Nurse Practitioners and Physician Assistants help increase access to MOUD 10-fold in two rural Colorado counties with high overdose rates
Researchers at the University of Colorado College of Nursing at the Anschutz Medical Campus found that an 18-month pilot project that trained Nurse Practitioners and Physician Assistants to prescribe Medication for Opioid Use Disorders (MOUD) was successful in increasing availability and access of services to residents of two rural Colorado counties experiencing high overdose rates. As a result of the success of the pilot project, the state legislature passed a second bill to expand MOUD into 17 counties.
The study, out in the July issue of the Journal of Substance Abuse Treatment, reviewed the 18-month pilot project funded by the original Senate Bill 17-074 that focused on supporting NP- or PA MOUD prescribing in Substance use treatment programs up and running rapidly in areas with significant needs. The University of Colorado College of Nursing oversaw the project.
Project goals were two-fold. “Increase the number of NP/PA providers waivered to prescribe MOUD, and to increase the availability of services for patient access in these rural counties, with some of the highest opioid overdose rates in the state,” said lead author Associate Professor Tanya Sorrell, PhD, PMHNP-BC. Traditionally, NPs and PAs are successful front-line primary care providers in rural areas. “This program provided the training and support for them to lead as MOUD providers as well. By adding nurse practitioners and physician assistants confident in prescribing MOUDs, we were able to increase availability of services for Pueblo and Routt counties. We went from two clinical providers at three sites to 15 MOUD waivered providers, and from caring for 99 clients to more than 1000 in less than two years.”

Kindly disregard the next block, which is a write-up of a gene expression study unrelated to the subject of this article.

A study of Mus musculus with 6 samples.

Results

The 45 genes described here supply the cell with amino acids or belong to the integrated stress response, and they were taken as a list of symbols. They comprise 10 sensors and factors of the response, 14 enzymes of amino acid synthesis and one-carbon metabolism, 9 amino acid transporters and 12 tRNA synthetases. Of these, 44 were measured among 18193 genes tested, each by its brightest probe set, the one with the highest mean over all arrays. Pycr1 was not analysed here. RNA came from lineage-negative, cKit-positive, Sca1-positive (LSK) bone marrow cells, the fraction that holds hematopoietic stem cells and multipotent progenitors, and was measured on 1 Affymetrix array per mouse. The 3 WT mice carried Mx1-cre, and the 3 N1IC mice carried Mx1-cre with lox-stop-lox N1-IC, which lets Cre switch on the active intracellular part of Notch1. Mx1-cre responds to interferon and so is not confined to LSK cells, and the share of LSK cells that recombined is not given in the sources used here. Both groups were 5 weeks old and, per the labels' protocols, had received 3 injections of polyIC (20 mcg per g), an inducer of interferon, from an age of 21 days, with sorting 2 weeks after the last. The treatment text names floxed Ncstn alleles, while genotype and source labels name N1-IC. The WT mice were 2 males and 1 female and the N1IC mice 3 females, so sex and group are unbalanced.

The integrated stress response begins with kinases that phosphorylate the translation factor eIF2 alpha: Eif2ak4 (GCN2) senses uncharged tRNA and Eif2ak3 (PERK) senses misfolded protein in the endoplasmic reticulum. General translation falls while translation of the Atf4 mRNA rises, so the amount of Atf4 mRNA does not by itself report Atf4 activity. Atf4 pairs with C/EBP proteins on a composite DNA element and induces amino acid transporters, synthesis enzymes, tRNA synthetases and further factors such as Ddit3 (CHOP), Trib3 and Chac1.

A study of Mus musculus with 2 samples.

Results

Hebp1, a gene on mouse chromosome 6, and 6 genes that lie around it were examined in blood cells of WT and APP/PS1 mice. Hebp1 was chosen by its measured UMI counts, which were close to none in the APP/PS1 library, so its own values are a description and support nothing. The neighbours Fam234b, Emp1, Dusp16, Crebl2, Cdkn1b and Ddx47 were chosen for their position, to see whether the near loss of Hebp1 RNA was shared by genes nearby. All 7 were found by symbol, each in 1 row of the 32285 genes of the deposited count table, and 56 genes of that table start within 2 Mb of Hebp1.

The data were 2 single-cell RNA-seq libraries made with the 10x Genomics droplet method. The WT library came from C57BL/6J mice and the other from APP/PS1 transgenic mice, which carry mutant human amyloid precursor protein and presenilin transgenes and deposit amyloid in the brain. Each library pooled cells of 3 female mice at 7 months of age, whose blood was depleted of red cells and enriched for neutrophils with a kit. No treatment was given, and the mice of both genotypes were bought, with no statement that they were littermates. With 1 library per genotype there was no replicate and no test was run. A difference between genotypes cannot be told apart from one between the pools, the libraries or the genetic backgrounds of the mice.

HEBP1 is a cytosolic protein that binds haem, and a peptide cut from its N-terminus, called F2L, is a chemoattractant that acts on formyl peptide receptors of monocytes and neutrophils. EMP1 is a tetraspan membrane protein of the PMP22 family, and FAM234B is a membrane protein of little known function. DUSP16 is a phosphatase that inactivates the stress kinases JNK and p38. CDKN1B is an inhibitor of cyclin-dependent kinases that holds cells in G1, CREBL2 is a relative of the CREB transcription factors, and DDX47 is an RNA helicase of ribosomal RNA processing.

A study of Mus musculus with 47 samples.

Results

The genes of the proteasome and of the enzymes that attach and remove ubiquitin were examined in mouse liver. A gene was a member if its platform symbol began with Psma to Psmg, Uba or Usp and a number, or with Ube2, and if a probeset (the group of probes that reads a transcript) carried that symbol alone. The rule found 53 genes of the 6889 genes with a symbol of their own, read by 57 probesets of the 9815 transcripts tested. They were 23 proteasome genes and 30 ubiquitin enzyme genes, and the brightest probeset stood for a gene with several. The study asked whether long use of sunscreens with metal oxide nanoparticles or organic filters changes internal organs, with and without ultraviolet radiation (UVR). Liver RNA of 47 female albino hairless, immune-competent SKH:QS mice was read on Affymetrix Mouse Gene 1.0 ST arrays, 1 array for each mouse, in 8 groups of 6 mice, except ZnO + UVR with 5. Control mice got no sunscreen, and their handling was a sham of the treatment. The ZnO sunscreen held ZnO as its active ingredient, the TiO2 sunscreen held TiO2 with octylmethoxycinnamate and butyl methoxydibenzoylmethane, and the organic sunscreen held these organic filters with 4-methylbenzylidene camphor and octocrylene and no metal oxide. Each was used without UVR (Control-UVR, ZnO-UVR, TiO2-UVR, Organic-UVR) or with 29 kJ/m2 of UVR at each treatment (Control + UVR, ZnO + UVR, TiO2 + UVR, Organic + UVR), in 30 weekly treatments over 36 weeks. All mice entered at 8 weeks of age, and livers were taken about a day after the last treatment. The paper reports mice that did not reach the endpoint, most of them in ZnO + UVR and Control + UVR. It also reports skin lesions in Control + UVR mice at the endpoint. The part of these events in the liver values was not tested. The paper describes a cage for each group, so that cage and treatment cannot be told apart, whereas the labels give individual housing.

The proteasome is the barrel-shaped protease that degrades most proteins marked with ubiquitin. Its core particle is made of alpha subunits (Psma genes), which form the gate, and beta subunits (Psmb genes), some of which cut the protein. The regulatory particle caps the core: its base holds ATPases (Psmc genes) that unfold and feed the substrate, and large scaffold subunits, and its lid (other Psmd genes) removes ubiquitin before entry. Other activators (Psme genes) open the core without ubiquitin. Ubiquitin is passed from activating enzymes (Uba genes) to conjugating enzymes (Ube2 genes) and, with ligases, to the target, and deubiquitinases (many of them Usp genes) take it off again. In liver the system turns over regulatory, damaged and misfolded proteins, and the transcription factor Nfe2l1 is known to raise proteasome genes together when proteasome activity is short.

The state of Colorado is ranked 12th nationally for self-reported non-medical use of opioids. According to the Colorado Office of Behavioral Health, only one in three Coloradans with OUD reported that they had access to treatment; and one in five Coloradans said that even if they wanted help no services would be available in their home county. The pilot program grew out of a formal statewide collaborative, focused on rural counties with limited MOUD services and high opioid death rates, and capitalized on current trends in treatment of opioid use disorder (OUD). New legislation in the Comprehensive Addiction and Recovery Act of 2016 allowed NPs and PAs to begin prescribing MOUD. “This opened up a unique opportunity for Colorado to expand MOUD services across the state and potentially reduce the impact of the opioid epidemic in our state,” said Sorrell.
Due to the success of the pilot, the state passed SB19-001 in 2019 to expand MOUD into 17 counties. However, there were barriers, which included transportation, MOUD reimbursement from Medicaid or other insurances, and continued stigma. “One agency, initially framed their services as pain management versus substance abuse treatment to help overcome some of the stigma associated with substance abuse. Thankfully, with the notable care and treatment provided to clients in that area, now that agency is a leader in the community, and known for its substance use treatment services,” said Sorrell.